Women, Peace and Security: Participation in Peace Processes
12 March 2014, 4:45 – 6:00 pm
Organized by: Australian Mission to the UN; United Kingdom (UK) Mission to the UN; the Women's International League for Peace and Freedom (WILPF)
Participants: Senator the Honourable Michaelia Cash (Minister Assisting the Prime Minister for Women, Australia); Honourable Maria Miller AM (Minister for Women and Equalities, United Kingdom); Nawal Yazeji (Syrian Women's League); Debir Valdelamar (WILPF Colombia); Rita Martin (Director of EVE, Organisation for Women's Development in South Sudan); Natasha Stott Despoja AM, AM (Ambassador for Women and Girls, Australia).
On March 12, 2014, WILPF, with the Missions to the UN of Australia and the United Kingdom, held a panel discussion to strategically consider the successes in and challenges to women's participation and leadership in peace negotiations and peace building, looking specifically at the evolving peace processes in Syria, Colombia and South Sudan. Australian Ambassador Natasha Stott Despoja provided an overview of the UN Resolutions and highlighted some of the areas that constitute as barriers for women's participation. She noted that despite international policy developments, women are still often excluded from official efforts to bring peace to conflict-affected societies. Moreover, she noted that women's contribution to broader peacebuilding often goes unrecognised.
Speaking on behalf of the UK, Maria Miller stressed the pivotal role of women in conflict management and resolution in order to create sustainable peace and noted the UK's leadership on implementing the WPS agenda. She also stated that “the UK calls for increased women's participation in peace processes”, while advocating the use of National Action Plans (NAPs): “we believe in NAPS to report on women, peace and security.” The discussion then shifted directions to provide insight on women's participation in peace processes from three conflict areas: Syria, Colombia and South Sudan.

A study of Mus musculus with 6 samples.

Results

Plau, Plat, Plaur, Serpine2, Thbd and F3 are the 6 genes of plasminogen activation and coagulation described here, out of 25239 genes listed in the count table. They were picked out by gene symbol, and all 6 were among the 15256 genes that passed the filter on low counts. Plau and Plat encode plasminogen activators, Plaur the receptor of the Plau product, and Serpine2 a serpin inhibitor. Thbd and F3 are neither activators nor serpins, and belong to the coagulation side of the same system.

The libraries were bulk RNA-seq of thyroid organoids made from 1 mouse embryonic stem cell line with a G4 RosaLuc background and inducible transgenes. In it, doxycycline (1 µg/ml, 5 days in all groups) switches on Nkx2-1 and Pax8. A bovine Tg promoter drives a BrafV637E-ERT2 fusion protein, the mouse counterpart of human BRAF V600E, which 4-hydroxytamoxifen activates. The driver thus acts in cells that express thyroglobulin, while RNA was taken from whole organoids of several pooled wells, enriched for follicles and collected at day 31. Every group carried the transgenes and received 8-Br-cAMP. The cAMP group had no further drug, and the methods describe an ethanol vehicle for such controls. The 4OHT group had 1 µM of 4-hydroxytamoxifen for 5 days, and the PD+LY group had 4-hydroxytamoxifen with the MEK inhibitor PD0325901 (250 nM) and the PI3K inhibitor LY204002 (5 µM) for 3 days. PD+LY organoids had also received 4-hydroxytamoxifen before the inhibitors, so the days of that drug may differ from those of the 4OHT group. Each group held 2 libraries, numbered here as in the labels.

Nawal Yazeji of the Syrian Women's League explained how Syrian women have been eager to be part of the peace processes, yet have been excluded from negotiations. She said that “peace without women is never real peace” and that the Syrian women “need the support of the international community.” Debir Valdelamar of WILPF-Colombia provided positive examples of how women in Colombia are actively participating in the conflict resolution - two out of the five people at the negotiation table are women. She noted that “peace starts at local levels” and as such, barriers preventing access to peacebuilding and participation in peace efforts at local level need to be addressed and eliminated. Rita Martin of Eve, South Sudan, described the critical crisis in South Sudan and the dire conditions of civilians. While the South Sudanese Constitution states that women should comprise 25% of decision-making, in the first round of peace negotiations there were no women negotiating on the side of the government. She called for an inclusive process that addresses, inter alia, Security Sector Reform and gender equality and she called for increased monitoring of early warnings.
Both Australia and the UK wholeheartedly supported the Women, Peace and Security Agenda and reiterated their strong belief that women need to be involved in peace processes in order to garner sustainable peace. The case studies from Syria, Colombia and South Sudan demonstrated the perseverance that women have in order to be part of peace processes and the continued obstacles women face that prevent them from meaningfully participating in their country's conflict resolution processes. As Michaelia Cash concluded, “we cannot expect peace to endure when half the population is side-lined!”.